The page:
How Peet's Starbucked Itself 

The iconic East Bay company that pioneered gourmet coffee with a small business ethos has grown increasingly like its mega-chain offspring.


Peet's officials declined to be interviewed for this story.

It's all part of what some are calling the "Starbucksification" of Peet's — a process that started relatively slow but is, at this point, impossible to ignore as Peet's retail outlets continue to roll out more merchandise, more seasonal promotions, and more offerings. In what's perhaps the clearest example, lattes — let alone flavored ones — were completely absent from the Peet's menu until the 1990s. (Alfred Peet is said to have bristled at the idea of even selling drip coffee, as he wanted to focus on whole beans instead.) Indeed, as late as 1999, Jerry Baldwin, the former Starbucks CEO who bought the company from Peet when he retired in the mid-Eighties, was quoted in the San Francisco Chronicle saying he considered the company to be "a specialty roaster more than a beverage bar." Now, Peet's sells a full slate of espresso drinks, as well as seasonal beverages like pumpkin spice lattes and flavored freddos, iced beverages nearly identical to the ubiquitous frappucino.

In other words, while Starbucks once copied Peet's, Peet's is now copying Starbucks. Or, as Bodeanu put it: "Now it feels like all they do is take the same promotions from Starbucks. It's like, what are other people doing? Let's copy it. There's no philosophy to it anymore."

To be fair, some of Peet's offerings are likely a response to changing consumer tastes: The Starbucks hegemony has, undoubtedly, meant that people come to expect caramel lattes, pastries, and iced drinks at their local coffee chain. There's the irony: In going public, expanding, and competing on a national scale, the company that was once a leader is now a follower.

As Peet's has been busy following Starbucks, another market niche has emerged, and it's squeezing Peet's from the other direction. Twenty, ten, or even five years ago, if you cared about coffee, Peet's may have been your only option. But now, an army of small businesses — Cole Coffee in Rockridge; Blue Bottle in Jack London Square and elsewhere in the Bay Area; Philz Coffee, a small chain that opened an outlet a few blocks away from the Peet's flagship in 2009 — are increasingly serving the customers that may have been Peet's devotees back in the day: serious coffee drinkers who appreciate small-scale production, high-quality beans, artisan roasting, and homespun service.

Indeed, these companies are responding to a market need that seems to be directly related to the heightened expectations that Peet's originally engendered. "Peet's has been hugely influential in forming people's tastes," said James Freeman, CEO of Blue Bottle. When Freeman was just starting, selling his coffee from a truck at farmers' markets, "It was like, that's how everyone measured taste," he said. "You were as good as you could measure up to Peet's."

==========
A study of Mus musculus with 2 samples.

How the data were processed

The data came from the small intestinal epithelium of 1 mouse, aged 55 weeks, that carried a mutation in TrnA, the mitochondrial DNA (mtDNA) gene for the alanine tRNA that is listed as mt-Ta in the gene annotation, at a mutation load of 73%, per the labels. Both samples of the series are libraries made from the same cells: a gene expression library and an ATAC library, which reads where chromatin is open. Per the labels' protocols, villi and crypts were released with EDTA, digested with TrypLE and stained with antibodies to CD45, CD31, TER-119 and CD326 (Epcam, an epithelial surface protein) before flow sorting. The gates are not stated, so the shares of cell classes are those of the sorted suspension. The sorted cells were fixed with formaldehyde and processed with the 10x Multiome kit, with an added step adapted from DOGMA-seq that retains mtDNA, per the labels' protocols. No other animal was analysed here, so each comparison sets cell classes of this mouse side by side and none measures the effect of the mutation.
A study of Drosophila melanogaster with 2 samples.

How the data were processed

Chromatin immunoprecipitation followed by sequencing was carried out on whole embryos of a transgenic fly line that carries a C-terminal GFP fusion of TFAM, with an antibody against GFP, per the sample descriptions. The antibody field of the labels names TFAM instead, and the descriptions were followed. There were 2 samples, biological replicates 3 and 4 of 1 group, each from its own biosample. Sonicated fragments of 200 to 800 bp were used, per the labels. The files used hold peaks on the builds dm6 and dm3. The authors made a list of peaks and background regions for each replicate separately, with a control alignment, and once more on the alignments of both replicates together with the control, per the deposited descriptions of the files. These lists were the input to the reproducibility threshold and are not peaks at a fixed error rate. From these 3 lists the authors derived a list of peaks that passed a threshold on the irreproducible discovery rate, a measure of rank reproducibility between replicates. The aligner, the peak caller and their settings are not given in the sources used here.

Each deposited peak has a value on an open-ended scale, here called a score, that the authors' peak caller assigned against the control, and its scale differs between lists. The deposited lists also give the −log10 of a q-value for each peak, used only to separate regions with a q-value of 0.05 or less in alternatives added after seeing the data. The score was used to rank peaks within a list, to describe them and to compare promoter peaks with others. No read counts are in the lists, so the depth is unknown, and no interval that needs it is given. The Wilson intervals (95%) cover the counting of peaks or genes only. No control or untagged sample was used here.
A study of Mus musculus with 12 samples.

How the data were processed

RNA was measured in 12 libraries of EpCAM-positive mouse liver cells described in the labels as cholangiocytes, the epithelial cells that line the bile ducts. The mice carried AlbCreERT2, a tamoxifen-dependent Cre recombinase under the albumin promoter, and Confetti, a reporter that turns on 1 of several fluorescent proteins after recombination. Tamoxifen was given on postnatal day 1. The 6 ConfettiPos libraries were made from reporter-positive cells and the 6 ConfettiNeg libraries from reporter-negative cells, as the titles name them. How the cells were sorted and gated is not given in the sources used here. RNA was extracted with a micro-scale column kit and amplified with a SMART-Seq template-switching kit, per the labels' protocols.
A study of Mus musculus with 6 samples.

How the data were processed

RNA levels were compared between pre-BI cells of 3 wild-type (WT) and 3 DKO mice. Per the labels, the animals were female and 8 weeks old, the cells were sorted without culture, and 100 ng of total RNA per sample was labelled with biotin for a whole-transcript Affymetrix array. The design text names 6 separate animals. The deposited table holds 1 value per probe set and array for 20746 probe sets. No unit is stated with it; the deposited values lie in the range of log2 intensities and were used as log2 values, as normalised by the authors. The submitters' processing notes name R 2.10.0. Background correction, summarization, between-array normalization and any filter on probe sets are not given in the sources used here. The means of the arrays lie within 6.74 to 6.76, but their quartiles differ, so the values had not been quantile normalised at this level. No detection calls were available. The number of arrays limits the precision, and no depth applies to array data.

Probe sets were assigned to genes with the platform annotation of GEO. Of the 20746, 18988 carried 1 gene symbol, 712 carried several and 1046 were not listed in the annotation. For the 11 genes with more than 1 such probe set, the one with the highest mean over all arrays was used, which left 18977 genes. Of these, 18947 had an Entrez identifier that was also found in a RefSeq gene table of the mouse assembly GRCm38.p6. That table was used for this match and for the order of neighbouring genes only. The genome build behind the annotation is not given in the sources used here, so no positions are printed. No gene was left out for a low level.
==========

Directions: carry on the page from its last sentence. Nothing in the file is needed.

Moreover, Freida Hoffman, of Berkeley's Local 123 cafe, noted that Peet was a pioneer for responsibly sourced coffee. "Something that Peet's really did was help raise awareness of organic and fair trade — that's something that customers have now come to expect."

Ultimately, Hoffman said, her business essentially wouldn't be possible had it not been for Alfred Peet. "I don't think without Peet's we would have jumped from Folger's and Maxwell House in a can to where we are today," she said. "I absolutely respect Peet's and what they've done for coffee."

She noted, however, that many of her customers are former Peet's regulars.

All this competition is perhaps most apparent when you talk to the people who tend to bear the brunt of it: lower-level employees at Peet's. "The pressure is absolutely constant," said one barista.

She didn't want her name revealed, nor did any of the other current employees interviewed for this article. Several also asked that their history with the company, store location, and other identifying details be concealed, and all expressed intense, if abstract, fear of retribution for their participation in this story. They also spoke of a corporate structure that's vast, top-down, and marked by pressure at every rung of the ladder.

Wheeler, a former employee who was willing to speak openly about Peet's, worked at various stores through the 2000s before serving as an assistant manager at the Lakeshore branch. He said he and other leaders felt increasing pressure to raise profits. "Each quarter, you'd meet with your district manager and go over the numbers and talk about how to get them up."

And that expectation — that profits will continually rise — gets relayed to lower-level employees: "My manager and my assistant manager are under constant pressure to make more and more profits, [pressure] which they pass on to us," said one employee at a highly trafficked store. "The rare moments when we have a break, maybe some time to stretch or get a glass of water, you'll look over at the manager and he'll be stressed because we don't have any customers."